Best Practice for Video over WLAN - Part 1

By bala posted Dec 05, 2011 03:11 PM

Let us look at some of the challenges involved in deploying Multicast video over WLAN. This will be a multiple part series and in this first part we will look at some of the wired side optimization required. 

Distributing standard and high definition video has long been the promise of Wi-Fi, but the results have been less than satisfactory due to the limitations of slow 802.11 clients, inadequate multicast capabilities, and the lack of control over client behavior. There has been a lot of improvements in terms of technology and understanding some of the generic requirements is key.  

Wired Infrastructure Optimization for Multicast

There are four primary recommendations to consider in the wired network for supporting broadcast-quality video. Reference the User Guide provided by the appropriate wired infrastructure vendor to enable these settings:

1.     Utilize Gigabit Ethernet End-to-End

It is recommended to have Gigabit Ethernet connectivity from the between all components in the path of video delivery. This includes Gigabit to the Video Server, Aruba Controller, and Aruba 802.11n APs.

2.     Enable IGMP

IGMP proxy or IGMP snooping should be used to facilitate video delivery only to those APs with subscribers. 

3.     Configure Quality of Service Traffic Tagging and Prioritization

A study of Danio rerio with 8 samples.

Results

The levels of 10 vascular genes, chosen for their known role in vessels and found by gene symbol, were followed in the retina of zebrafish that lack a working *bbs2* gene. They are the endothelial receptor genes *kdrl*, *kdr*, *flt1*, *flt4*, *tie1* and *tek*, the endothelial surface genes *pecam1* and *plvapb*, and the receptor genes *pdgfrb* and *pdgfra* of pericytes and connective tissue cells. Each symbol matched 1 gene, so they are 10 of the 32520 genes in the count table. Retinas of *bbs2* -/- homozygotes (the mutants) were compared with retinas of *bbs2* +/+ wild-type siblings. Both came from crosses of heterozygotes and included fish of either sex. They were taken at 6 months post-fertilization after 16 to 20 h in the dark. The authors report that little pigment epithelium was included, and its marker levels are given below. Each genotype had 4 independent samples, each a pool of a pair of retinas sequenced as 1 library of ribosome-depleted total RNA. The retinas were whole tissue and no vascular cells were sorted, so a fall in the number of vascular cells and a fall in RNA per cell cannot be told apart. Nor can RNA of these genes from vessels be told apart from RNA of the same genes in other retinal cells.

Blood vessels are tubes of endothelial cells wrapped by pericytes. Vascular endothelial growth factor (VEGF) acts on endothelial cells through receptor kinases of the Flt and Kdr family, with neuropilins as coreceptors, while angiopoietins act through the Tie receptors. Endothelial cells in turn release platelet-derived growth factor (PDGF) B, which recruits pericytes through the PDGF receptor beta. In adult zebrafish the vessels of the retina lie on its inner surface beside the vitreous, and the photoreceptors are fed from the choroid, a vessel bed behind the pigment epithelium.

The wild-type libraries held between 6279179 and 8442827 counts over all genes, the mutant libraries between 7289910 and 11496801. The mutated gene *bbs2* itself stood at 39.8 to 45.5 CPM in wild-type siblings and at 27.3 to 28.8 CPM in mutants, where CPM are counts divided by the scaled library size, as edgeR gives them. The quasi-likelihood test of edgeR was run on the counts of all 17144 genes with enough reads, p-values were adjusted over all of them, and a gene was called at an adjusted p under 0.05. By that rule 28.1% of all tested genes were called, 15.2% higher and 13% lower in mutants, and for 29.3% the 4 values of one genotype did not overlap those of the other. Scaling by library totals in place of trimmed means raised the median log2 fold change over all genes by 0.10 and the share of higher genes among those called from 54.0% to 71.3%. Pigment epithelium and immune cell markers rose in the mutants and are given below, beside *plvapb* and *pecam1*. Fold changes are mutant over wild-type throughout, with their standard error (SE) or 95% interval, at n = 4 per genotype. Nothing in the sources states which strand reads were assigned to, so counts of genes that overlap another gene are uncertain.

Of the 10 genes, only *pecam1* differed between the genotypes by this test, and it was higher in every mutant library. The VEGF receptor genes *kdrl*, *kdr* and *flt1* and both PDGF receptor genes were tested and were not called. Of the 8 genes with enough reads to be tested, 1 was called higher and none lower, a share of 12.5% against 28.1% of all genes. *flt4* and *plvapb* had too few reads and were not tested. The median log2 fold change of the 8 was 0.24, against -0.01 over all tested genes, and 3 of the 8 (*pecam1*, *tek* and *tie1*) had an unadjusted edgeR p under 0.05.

Traffic tagging and prioritization should be enabled in the wired network to provide Quality of Service (QoS) to the video streams. It is important to enable Layer 3 Video Differentiated Services Code Point (DSCP) tagging and Layer 2 802.1p tagging on the application (server and clients if possible), the controller(see below), and prioritization/QoS on the wired infrastructure for end-to-end QoS guarantees.

4.     Adjust Video Frame Size

It is recommended to set the frame size at the video server low enough to avoid fragmentation, or enable jumbo frames to the largest supported size if possible. It is important to ensure the MTU of the video server is not larger than the maximum frame size on any wired segment. Fragmentation can be verified by monitoring the frame counters on the switch or router interface(s) along the video data path. Fragment loss results in the entire video frame being retransmitted, also increasing over the air bandwidth.


In the next part we will look at some of the optimizations required on the WLAN infrastructure to deliver multicast video on your network.